This is the second part in the ongoing series of San Francisco and Bay Area rave fliers from the 1990's, mainly early nineties, like the ones below that include 1993 and 1994.
It's a long time since her last big hit. Six weeks or even more -- a long time in this digital age -- when Obama Girl arrived via YouTube with her sexy video "I've Got A Crush On Obama" that, while not endorsed by Sentor Barack Obama's office, it wasn't unappreciated by any means. The pro-Obama video got 2.3 million YouTube hits. That's way more than any Billboard hit single sells these days! It's also some of the cheapest publicity a presidential candidate can get. The new video, which debuted on YouTube just yesterday has, as of noon today (7/17), received about 160,000 hits, and looks well set to gain as many viewers as its predecessor -- or likely even more. Especially since the new vid ups the ante both in content and controversy: this time taking on rival Rudy Giuliani. The new video, seen below, is entitled "Debate '08: Obama Girl vs. Giuliani Girl" and features model Adelna Kristina playing Giuliani Girl part opposite Amber Lee Ettinger and her crew representing Obama.
For a long time the New York Times has cost one dollar-- just a dollar, whether purchased in New York City or a newsstand in California. But the price of today's (7/16) edition of the New York Times, which coincidentally seemed slimmer than usual, went up in price by a quarter to $1.25 -- which is still good value because it's a great newspaper (despite some faults) that does a thorough job and covers topics that others do not, and has been doing so since 1851 -- winning more Pulitzer Prizes (95) along the way than any other American news journal.
But regardless of its historic legacy, like all newspapers across the US today, the New York Times is also feeling the economic fallout of the new digital age in which advertisers are increasingly taking their dollars elsewhere, and news and information seekers are going online in increasing numbers. Simply put: people don't read newspapers quite like they used to. In a recently published study entitled "Young People and News," reported coincidentally in today's New York Times, findings showed that only 9% of teenagers surveyed read a newspaper every day. Meanwhile 18 to 30 year olds rated higher, with 16% of those surveyed daily newspaper readers.
Recently both the San Jose Mercury News (long considered among the country's finest newspapers) and the San Francisco Chronicle laid off a chunk of staff. They had no choice: the economy ruled, and journalists lost jobs. But the tragedy is that with these investigative reporters gone, or going, so too is good journalism. The idea of the traditional city newspaper office, filled with reporters who go out with a pad and pen to dig deep in investigative stories has pretty much become a thing of the past -- and that sucks. While there are now more and more news and information sources than ever before, with everyone and their mama blogging, it often seems in this new digital age that we've traded in quality for quantity.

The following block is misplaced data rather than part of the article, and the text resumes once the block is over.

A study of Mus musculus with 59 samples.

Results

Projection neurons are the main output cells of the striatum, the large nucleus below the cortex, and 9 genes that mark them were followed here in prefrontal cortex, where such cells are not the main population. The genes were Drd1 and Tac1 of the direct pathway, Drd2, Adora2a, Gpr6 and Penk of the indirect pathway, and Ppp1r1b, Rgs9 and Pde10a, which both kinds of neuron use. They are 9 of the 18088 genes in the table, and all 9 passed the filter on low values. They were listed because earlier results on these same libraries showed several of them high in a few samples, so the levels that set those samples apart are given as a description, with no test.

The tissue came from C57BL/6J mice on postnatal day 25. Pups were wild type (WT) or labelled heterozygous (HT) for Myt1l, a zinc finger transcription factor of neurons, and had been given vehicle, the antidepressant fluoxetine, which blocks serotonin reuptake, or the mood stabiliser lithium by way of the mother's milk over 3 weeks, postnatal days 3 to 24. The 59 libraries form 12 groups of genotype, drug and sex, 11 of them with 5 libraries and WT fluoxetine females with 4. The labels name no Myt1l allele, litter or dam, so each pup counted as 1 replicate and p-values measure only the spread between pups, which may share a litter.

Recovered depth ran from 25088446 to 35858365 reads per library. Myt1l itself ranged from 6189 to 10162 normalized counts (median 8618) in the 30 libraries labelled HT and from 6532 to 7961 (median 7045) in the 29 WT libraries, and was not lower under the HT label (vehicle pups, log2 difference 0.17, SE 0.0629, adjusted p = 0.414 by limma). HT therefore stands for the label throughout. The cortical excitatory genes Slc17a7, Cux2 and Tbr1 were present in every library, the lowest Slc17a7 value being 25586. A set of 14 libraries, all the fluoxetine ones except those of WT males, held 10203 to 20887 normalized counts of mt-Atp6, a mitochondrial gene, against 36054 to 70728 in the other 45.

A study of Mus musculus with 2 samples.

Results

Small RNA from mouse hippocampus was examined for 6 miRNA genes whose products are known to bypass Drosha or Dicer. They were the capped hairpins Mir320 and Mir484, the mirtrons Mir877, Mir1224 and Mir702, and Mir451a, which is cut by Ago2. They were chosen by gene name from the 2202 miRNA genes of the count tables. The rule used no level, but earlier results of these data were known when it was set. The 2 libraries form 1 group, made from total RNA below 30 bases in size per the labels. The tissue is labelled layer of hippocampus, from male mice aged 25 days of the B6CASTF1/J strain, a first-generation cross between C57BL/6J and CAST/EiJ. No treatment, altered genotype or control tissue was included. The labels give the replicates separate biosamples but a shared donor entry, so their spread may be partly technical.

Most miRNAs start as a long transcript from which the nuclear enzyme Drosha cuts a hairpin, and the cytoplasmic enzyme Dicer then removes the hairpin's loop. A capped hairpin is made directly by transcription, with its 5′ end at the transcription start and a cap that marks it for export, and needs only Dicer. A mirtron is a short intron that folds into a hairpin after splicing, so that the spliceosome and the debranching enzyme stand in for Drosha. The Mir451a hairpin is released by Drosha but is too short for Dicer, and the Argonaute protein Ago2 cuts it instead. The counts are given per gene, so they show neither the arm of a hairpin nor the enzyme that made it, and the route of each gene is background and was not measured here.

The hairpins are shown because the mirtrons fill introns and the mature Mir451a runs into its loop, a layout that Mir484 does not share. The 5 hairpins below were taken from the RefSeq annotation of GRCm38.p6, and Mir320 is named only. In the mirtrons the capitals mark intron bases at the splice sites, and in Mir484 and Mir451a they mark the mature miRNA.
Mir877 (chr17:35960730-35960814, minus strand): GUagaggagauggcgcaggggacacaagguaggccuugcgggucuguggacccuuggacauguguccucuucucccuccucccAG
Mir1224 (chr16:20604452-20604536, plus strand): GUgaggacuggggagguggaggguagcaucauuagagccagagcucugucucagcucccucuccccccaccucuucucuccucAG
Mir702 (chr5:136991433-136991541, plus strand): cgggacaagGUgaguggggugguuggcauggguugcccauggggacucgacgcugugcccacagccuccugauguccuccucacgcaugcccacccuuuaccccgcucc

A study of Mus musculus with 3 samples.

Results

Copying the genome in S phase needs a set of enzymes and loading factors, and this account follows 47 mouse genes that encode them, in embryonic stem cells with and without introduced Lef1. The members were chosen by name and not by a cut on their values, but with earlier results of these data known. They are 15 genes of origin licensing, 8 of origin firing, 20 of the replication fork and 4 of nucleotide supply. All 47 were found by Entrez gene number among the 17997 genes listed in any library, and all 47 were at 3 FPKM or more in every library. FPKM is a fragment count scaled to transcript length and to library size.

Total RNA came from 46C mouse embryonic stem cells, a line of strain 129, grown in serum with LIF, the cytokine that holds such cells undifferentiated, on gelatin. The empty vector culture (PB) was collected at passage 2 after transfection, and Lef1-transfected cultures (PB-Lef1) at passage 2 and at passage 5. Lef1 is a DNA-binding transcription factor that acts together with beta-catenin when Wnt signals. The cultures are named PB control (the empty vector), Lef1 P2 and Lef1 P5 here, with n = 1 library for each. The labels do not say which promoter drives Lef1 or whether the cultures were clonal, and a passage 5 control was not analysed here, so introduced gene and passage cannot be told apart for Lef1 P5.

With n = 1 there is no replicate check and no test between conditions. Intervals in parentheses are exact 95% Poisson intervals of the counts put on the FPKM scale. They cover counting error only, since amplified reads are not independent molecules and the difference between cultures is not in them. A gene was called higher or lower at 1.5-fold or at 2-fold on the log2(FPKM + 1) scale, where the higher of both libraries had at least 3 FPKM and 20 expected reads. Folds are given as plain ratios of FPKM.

Some of the best Bay Area parties from the early nineties onwards had some of the best DJs (that goes without saying -- da Bay is home of the DJ) ... and also some of the best fliers. Being an avid collector of fliers, I saved a bunch of them. Many others have saved them too, including the ever-evolving San Francisco music fan Porkchop and of course, the wonderful folks at SF Raves Dot Org, who have archived numerous fliers from the nineties on their recommended website.
This is Part I in a series that could go on forever. If you have any URL links to fliers of SF/Bay Area parties from the nineties especially -- or any memories to share of specific Bay Area parties or DJs, please scroll on down to the COMMENTS box and share. Thanks!
On a recent trip to the Haight Street Amoeba, I once again found myself drawn to the outside walls of Amoeba Music San Francisco -- specifically the top part of the wall outside from Haight Street down to the corner of the alley (away from Golden Gate Park) that leads to the parking lot where all that gradually changing wall of graf lays in beautiful, bright colorful wait. It includes the barred windows with their intricate tags that always remind me of stumbling upon some hieroglyphics in some ancient cave.
Luckily, on the day I took these pics I caught the Amoeba parking lot almost empty -- with only one car parked in front of those beloved droopy eyed heads that offer comfort to many an admirer. There will be another set of pics (Part V) posted in a week, also taken recently and featuring more of the graf around SF Amoeba.
Among graffiti artists there is a code -- many rules of the game -- and one rule is that you only tag businesses or public property -- not private -- meaning people's houses or dwellings.
But today I passed a red brick apartment building with an ugly ole tag rudely scrawled along the side of it and I thought to myself: I guess homeboy didn't get the memo!